Written by Conductor

Reading center-cab switcher #97 was built by the St. Louis Car Company and powered with a Fairbanks-Morse engine.  Photo courtesy Dale Woodland.

The St. Louis Car Company/Fairbanks-Morse 600-horsepower center-cab switcher #97 was truly a unique locomotive on the Reading.  Delivered on December 31, 1939, this unit was originally numbered #35, had two 300-horsepower in-line engines for power.  Initially assigned to Wayne Junction, #35 spent most of its career working at Fairhill Junction, and in 1940 the locomotive was renumbered to #97.  This unit had the distinction of being the first Fairbanks-Morse powered locomotive, and was also the ONLY center-cab unit on the Reading's roster.

Unfortunately, the uniqueness of #97's design and mechanics were not sufficient to avoid difficulties - the locomotive's availability rate was only around 20%, a significant variance from other switchers on the railroad, and was plagued with frequent crankshaft failures.  In 1948, #97 was moved to the Reading Locomotive Shops for examination, which is where it would remain until retirement, and is where the above photograph was taken, on the track behind the roundhouse along 6th Street.  While in Reading, #97 was used as the shop switcher, though complaints from the crews seemed to indicate that her mechanical problems were a detriment even in this role.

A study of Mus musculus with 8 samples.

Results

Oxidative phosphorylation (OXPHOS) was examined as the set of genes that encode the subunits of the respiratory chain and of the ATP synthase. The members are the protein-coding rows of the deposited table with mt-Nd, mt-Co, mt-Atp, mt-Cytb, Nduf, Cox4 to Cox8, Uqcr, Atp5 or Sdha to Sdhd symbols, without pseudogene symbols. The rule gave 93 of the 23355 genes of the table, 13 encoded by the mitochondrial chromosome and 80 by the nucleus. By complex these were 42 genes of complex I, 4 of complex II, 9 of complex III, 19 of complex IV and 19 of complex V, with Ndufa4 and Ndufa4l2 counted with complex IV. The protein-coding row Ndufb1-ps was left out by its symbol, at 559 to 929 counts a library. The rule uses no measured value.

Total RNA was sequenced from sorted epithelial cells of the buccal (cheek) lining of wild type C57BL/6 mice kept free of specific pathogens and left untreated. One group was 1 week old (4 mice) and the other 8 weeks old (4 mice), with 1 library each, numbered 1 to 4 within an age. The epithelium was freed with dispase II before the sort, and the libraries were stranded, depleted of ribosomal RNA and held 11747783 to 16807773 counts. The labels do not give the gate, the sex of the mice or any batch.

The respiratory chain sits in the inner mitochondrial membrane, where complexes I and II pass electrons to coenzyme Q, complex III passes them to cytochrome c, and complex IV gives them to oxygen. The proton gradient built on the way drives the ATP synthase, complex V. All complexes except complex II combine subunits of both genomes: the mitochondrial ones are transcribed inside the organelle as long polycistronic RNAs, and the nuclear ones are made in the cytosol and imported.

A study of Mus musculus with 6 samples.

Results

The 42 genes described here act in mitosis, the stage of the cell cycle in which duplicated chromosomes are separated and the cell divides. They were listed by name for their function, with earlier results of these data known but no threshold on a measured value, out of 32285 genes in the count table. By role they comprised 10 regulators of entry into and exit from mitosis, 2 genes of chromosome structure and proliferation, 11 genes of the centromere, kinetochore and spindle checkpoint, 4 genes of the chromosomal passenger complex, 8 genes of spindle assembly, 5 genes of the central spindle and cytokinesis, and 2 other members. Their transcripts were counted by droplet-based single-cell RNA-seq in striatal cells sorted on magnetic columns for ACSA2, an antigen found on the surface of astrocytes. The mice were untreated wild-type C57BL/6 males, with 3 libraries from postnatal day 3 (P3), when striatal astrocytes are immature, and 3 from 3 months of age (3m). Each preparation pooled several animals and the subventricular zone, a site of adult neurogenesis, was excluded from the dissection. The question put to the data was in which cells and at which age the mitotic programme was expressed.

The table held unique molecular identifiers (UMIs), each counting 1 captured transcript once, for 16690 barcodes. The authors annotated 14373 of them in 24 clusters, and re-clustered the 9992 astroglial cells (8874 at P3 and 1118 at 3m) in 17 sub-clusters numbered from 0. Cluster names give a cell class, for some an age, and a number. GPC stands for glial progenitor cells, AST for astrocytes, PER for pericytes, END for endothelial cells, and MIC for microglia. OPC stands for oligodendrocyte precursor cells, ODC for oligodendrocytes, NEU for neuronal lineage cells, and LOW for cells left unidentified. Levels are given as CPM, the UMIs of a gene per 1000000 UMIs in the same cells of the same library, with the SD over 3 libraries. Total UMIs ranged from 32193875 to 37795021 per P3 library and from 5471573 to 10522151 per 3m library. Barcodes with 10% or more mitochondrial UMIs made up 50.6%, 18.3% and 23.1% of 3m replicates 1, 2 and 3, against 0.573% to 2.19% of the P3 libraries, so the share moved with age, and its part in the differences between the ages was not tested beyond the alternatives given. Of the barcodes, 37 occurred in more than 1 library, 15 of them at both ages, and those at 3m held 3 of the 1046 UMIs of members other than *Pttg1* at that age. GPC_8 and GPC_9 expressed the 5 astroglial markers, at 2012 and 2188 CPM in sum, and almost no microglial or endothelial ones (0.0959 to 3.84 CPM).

In  April, 1953, #97 was stricken from the roster, and Fairbanks-Morse provided a credit against the purchase of new Train Master locomotives - the unit was scrapped later that year.

MODELING NOTES:  Modeling #97 would require a good deal of scratchbuilding, or at a minimum, extensive kitbashing, to model the unique hoods and the center cab.  The trucks resemble standard switcher trucks.  One might even be able to use the cab from a 44-ton center cab as a starting point.  Operationally, #97 was a curiosity more than anything, as it was out of service or under repair around 80% of the time.  If you do decide to model this locomotive, bear in mind that the time in service was split between Fairhill Junction and Reading, and the unit was scrapped in late 1953.


December 5, 1833
The Philadelphia and Reading (P&R) Railroad began operations.